Gesture on a Mission

Hat Sales

Every other month I give a short lecture at the local camera club on a fundamental compositional technique as an introduction for the following months member submissions. Some recent topics have including using line, light, color, placement, depth, and movement. This month’s topic is “Using Gesture”.

The lectures always start with the same mission statement:

We are looking for exceptional images where the composition component – compositional element goes here – is a major contributor to the image’s story, mood, emotion, and purpose.

I break down this mission statement as follows:

  • exceptional images: focusing on the compositional element only does not ensure that you will create an exceptional image. Foremost, I want to remind the members that we are after great photographs and the compositional elements are only a piece of the puzzle.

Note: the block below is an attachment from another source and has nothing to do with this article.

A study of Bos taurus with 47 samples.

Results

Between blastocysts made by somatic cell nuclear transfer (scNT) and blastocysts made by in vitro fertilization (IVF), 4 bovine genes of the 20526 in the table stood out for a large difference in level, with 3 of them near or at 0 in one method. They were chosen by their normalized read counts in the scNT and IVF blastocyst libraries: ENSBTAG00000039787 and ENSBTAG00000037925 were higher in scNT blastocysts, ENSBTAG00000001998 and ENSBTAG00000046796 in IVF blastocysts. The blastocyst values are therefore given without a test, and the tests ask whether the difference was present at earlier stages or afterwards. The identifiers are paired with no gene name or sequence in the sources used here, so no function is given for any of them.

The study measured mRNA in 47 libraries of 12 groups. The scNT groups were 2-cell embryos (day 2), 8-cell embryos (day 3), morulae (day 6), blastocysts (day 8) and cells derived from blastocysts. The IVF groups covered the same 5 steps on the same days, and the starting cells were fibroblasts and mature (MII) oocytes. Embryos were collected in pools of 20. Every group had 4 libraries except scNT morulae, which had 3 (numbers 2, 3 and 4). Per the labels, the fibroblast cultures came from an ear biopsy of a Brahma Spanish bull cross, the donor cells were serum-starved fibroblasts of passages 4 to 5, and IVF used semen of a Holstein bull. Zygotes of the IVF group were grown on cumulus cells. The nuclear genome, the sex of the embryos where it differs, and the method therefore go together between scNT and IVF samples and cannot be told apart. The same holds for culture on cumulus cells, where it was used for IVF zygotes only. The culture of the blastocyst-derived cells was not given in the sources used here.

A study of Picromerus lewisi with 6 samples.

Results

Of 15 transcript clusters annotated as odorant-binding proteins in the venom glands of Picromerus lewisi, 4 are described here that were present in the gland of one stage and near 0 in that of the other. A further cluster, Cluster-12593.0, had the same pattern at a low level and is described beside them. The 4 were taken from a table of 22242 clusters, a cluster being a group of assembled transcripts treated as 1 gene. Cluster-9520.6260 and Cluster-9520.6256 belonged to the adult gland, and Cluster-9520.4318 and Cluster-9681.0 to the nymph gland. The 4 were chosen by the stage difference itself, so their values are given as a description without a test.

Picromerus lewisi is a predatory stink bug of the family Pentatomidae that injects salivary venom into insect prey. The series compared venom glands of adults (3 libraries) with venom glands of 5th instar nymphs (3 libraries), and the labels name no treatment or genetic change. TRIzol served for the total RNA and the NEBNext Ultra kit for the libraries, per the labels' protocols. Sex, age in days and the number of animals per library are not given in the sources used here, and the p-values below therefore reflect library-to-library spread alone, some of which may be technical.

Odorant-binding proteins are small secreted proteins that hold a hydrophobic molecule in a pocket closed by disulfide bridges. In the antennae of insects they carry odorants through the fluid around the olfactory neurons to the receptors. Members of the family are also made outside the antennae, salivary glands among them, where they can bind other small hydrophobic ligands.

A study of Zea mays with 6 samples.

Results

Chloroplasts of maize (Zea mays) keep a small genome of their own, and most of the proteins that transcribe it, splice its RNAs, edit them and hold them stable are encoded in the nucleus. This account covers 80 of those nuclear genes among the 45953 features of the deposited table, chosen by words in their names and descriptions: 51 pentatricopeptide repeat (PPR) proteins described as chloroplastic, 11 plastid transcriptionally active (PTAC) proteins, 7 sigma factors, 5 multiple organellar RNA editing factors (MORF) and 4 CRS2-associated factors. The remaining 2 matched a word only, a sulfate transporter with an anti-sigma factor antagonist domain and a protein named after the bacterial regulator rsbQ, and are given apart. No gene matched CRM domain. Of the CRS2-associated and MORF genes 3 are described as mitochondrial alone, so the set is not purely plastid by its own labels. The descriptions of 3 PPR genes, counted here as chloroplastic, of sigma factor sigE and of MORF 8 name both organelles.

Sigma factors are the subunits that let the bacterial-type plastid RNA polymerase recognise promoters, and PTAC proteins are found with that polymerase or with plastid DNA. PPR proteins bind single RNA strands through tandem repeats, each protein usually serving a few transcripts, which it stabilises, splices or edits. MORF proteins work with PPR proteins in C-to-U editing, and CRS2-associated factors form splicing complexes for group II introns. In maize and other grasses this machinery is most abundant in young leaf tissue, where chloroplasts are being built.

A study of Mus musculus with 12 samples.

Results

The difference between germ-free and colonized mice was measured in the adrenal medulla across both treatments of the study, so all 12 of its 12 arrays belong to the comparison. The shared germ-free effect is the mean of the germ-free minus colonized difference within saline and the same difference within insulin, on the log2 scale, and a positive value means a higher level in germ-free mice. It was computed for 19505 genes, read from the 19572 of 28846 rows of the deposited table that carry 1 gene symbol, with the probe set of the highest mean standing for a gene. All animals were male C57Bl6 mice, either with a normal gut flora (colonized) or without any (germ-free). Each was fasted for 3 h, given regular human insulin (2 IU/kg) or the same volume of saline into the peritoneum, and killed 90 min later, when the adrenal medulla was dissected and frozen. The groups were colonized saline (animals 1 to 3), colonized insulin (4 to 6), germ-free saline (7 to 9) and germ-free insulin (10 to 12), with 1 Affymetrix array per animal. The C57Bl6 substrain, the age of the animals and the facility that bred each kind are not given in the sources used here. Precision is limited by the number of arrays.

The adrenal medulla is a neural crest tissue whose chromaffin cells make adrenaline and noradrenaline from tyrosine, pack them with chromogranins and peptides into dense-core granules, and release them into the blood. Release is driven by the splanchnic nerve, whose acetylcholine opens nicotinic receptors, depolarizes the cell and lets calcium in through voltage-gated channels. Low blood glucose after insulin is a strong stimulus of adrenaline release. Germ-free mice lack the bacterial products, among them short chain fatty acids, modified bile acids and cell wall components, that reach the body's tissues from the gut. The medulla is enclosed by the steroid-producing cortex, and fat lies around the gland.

• major contributor: the main purpose of these assignments is to focus on the compositional element and to practice that particular element like a pianist practices their scales. To include the compositional element as a subtle part of the image is missing the point.
  • story, mood, emotion, and purpose: these words are included to make the photographer realize an interesting subject alone does not create story, mood, emotion, and purpose. The composition, among other things such as the use of time, focus, and processing, play an important role in carrying the photographers message.

This mission statement has served my lectures well, however as I worked out the lecture on gesture, I realized that the statement was not strong enough. I realized that gesture is so fundamental to my images that it is more than just a “major contributor” it is their essence. This also provided real insight into why I am so disinterested in most posed street portraits.

Here is the new mission statement I created for working with the compositional element: Gesture

We are looking for exceptional images where the composition component – Gesture – is used to tell the to the image’s story and to create its mood, emotion, and purpose.